When Bill Clinton was president, he was a supporter of Senator Carol Moseley Braun. In fact, he even nominated her to be an ambassador to New Zealand. So it’s probably a little awkward now that Moseley Braun is in a public feud with the former president, over Mr. Clinton’s support of Rahm Emanuel in the election for Mayor of Chicago.
After Mr. Clinton’s visit to Chicago last week to stump for Mr. Emanuel, Moseley Braun took to her website with a scathing rebuke of the former president’s involvement in Chicago city politics:
President Bill Clinton does not live or vote in Chicago. He’s an outsider parachuting in to support another outsider. For him to come on the day following Dr. Martin Luther King’s birthday to insert himself in the middle of a mayoral race, when the majority of the population and mayoral candidates are African American and Latino, is a betrayal of the people who were most loyal to him. It’s a mistake.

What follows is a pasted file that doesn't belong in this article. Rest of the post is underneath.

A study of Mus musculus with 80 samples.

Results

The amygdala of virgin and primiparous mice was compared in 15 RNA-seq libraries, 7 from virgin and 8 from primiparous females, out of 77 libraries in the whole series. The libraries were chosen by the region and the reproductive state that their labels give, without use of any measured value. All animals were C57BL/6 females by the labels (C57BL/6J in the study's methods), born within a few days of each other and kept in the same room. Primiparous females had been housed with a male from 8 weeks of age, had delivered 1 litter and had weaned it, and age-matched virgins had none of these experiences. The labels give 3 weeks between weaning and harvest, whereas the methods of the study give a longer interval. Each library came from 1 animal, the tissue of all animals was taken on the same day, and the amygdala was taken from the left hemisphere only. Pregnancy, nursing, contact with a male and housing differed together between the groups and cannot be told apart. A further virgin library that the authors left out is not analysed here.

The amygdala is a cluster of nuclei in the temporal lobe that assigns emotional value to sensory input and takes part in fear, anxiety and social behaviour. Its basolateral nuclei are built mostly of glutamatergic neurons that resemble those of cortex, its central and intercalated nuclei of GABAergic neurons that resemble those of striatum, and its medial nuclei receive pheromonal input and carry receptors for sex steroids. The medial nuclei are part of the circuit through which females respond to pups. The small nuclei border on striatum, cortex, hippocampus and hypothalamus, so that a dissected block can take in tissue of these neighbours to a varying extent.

Mrs. Moseley Braun ratcheted up the rhetoric against the former president later in the week, referencing a time that the African American community supported Mr. Clinton “when he was having Monica Lewinsky problems” during his presidency. She then went on to again chastise him for not supporting a minority candidate in the race for mayor of Chicago.
Now, I don’t have a stake in the Chicago election for mayor, and I don’t have an educated opinion about Mr. Clinton’s endorsement of Rahm Emanuel or anyone else. I do, however, think it’s pretty cheap to connect the memory of Dr. Martin Luther King, Jr. to Mr. Clinton’s decision to back one candidate or the other.
Say that the former president has no business making public statements about Chicago elections, if you wish. That’s a perfectly understandable point of view. And if you really think that the African American community’s support of Mr. Clinton in the 90s means that he’s obligated to support African American candidates, regardless of his personal opinion, then I will even grudgingly accept your right to have that opinion. (I think it’s ridiculous, but I don’t have to agree with your opinion.)
But pointing to the MLK holiday in your statement, and bringing up Mr. Clinton’s public embarrassment about an oral sex scandal in the 90s, is just plain cheap. Carol Moseley Braun owes Mr. Clinton and the public an apology.